Slash Ft Myles Kennedy And The Conspirators: Apocalyptic Love

Guitar god’s love-in with Alter Bridge frontman on album number two bears tasty fruit.


Possessor of an instinctive once-in-an-era talent and a terminally laid-back persona, there’s always been a niggling doubt that since the demise of the world’s most dangerous band TM, he’s never quite recaptured full potency. Alternating between the roles of team-playing diplomat (GN’R, Velvet Revolver) and goofing-with-the-guys roustabout (Slash’s Snakepit and 2010’s eponymous love-in) – although after years of dealing with Messrs Rose and Weiland, you can hardly blame him – there’s a sense that he’s never re-found the necessary foil to stretch his game to top-level.

Enter Myles Kennedy, a Christian-raised music school graduate with a jazz-guitar background and not exactly hell-bent-for-leather credentials; the mainstream polish/post grunge sheen of Alter Bridge is worlds apart from his libertine livewire stage presence. Initially contributing two tracks to the last album, a tentative courtship ensued with Kennedy ultimately assuming full vocal duties on the following tour, the creative partnership blossoming into a singer/guitarist dynamic evidenced by shared songwriting credits and a mutual respect.

From the off there’s an instant chemistry – the title track warming up with a twitchy little funky wah-wah riff before launching into a Mr Brownstone-style run, topped off by an instant-classic chorus dropping into a breakdown channelling the spirit of Ozzy’s I Don’t Know. It’s fucking exciting. One Last Thrill ups the tempo – a snarling pre-Appetite style punky workout which finds Kennedy spitting out a quickfire Lydon-esque rant, unsettling in both its aggression and delivery. Standing In The Sun switches from a tension-building, looping bass-line cut through with signature guitar licks, to a masterful modern rock radio-pleasing chorus with such consummate craft, it’s immediately apparent this is several notches above what has gone before.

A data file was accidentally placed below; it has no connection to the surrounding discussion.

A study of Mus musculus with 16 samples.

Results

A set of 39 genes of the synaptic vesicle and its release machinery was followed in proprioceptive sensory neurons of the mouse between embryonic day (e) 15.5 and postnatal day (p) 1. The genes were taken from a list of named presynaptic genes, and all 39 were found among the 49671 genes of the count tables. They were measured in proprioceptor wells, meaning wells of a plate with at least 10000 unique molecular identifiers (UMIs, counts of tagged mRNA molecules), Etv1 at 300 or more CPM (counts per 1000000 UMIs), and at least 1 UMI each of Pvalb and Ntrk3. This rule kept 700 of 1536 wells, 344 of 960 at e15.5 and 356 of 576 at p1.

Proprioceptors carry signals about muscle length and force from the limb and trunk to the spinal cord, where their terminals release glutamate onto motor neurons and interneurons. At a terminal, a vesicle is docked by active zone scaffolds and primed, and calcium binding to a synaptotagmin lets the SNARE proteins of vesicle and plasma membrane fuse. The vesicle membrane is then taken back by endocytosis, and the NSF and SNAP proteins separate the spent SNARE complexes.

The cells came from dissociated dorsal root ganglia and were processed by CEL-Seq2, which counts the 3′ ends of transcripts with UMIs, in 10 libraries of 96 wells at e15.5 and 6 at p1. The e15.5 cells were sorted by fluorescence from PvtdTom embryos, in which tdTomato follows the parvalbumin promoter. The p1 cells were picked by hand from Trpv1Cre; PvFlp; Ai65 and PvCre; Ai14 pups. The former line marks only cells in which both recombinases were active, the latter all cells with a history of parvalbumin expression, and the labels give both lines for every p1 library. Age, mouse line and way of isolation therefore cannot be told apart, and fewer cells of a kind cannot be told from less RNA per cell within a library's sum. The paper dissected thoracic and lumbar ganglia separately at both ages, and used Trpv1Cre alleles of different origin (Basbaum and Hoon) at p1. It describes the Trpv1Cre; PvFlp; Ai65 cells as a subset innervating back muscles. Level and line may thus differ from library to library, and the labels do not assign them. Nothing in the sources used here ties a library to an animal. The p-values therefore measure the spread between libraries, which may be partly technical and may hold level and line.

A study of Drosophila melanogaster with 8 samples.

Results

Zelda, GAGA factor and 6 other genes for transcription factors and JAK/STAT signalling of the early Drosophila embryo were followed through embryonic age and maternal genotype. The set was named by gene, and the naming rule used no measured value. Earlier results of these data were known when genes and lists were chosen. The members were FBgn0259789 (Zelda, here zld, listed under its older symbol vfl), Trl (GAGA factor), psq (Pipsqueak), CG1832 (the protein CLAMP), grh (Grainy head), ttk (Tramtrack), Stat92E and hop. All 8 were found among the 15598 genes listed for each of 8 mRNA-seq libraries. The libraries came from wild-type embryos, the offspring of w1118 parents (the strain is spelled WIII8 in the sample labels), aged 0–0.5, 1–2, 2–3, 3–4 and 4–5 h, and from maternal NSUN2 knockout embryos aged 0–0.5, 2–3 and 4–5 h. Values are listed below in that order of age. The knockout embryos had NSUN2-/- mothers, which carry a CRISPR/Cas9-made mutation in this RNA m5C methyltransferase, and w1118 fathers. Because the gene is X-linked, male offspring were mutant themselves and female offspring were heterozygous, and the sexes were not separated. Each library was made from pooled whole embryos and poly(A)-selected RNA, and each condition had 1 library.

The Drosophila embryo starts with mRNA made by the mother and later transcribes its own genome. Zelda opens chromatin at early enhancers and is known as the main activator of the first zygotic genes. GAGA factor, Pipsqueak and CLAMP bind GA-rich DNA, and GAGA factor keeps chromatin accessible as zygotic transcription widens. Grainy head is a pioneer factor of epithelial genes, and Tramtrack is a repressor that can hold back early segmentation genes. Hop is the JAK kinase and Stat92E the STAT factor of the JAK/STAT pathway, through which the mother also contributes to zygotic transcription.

The range and texture of Kennedy’s voice is breathtaking, changing register and style to whatever the song requires. A four-octave tenor with a melodramatic upper and lower end vibrato, he can rip, whisper or soar in perfect pitch. No mere technician or mimic, however, he also manages to wring sizeable portions of emotion from whatever’s at hand. It’s a rare gift, and no wonder that Jimmy Page beat a hasty path to his door when Robert Plant nixed the Zeppelin tour.

His greatest achievement here, though, is the galvanising effect he’s had on Slash’s songwriting. Any residual fat has been neatly trimmed but nothing is sacrificed. Slash’s instantly recognisable bluesy fills and shredding runs are scattered throughout and he’s always managed to draw from a bottomless well of world-class riffs, yet everything here is amplified, more focussed: shifting out of his comfort zone with momentous results.

Nowhere is this better witnessed than on Anastasia. Starting with a finger-picked classical figure (think Rush’s The Trees meets a half-speed Yngwie Malmsteen), in just over six minutes he traverses a Paganini-inspired fugue, a swaggering Welcome To The Jungle-esque riff and a drawn out solo revealing levels of virtuosity combined with Page-like feel. It’s jaw-dropping.

Though of a classic rock bent, there’s also a rich thread of modernity running through it all. It maybe a tad overlong: sure the arrangements are lean and there’s little hint of chaff, but a reduction to eight or nine tracks might have lent it a more satisfying cohesion. But, to paraphrase Hunter S Thompson, when you’re on this much of a roll there’s a tendency to push it.

All in, it’s a superlative achievement – one of the first truly great albums of 2012 and a poke in the eye to those who conflate sobriety and the onset of middle age with a loss of edge. Seems like that famous top hat was concealing a rabbit all along – it just needed Myles Kennedy to coax it out.

Tim Batcup

Tim Batcup is a writer for Classic Rock magazine and Prog magazine. He's also the owner of Cover To Cover, Swansea's only independent bookshop, and a director of Storyopolis, a free children’s literacy project based at the Volcano Theatre, Swansea. He likes music, books and Crass.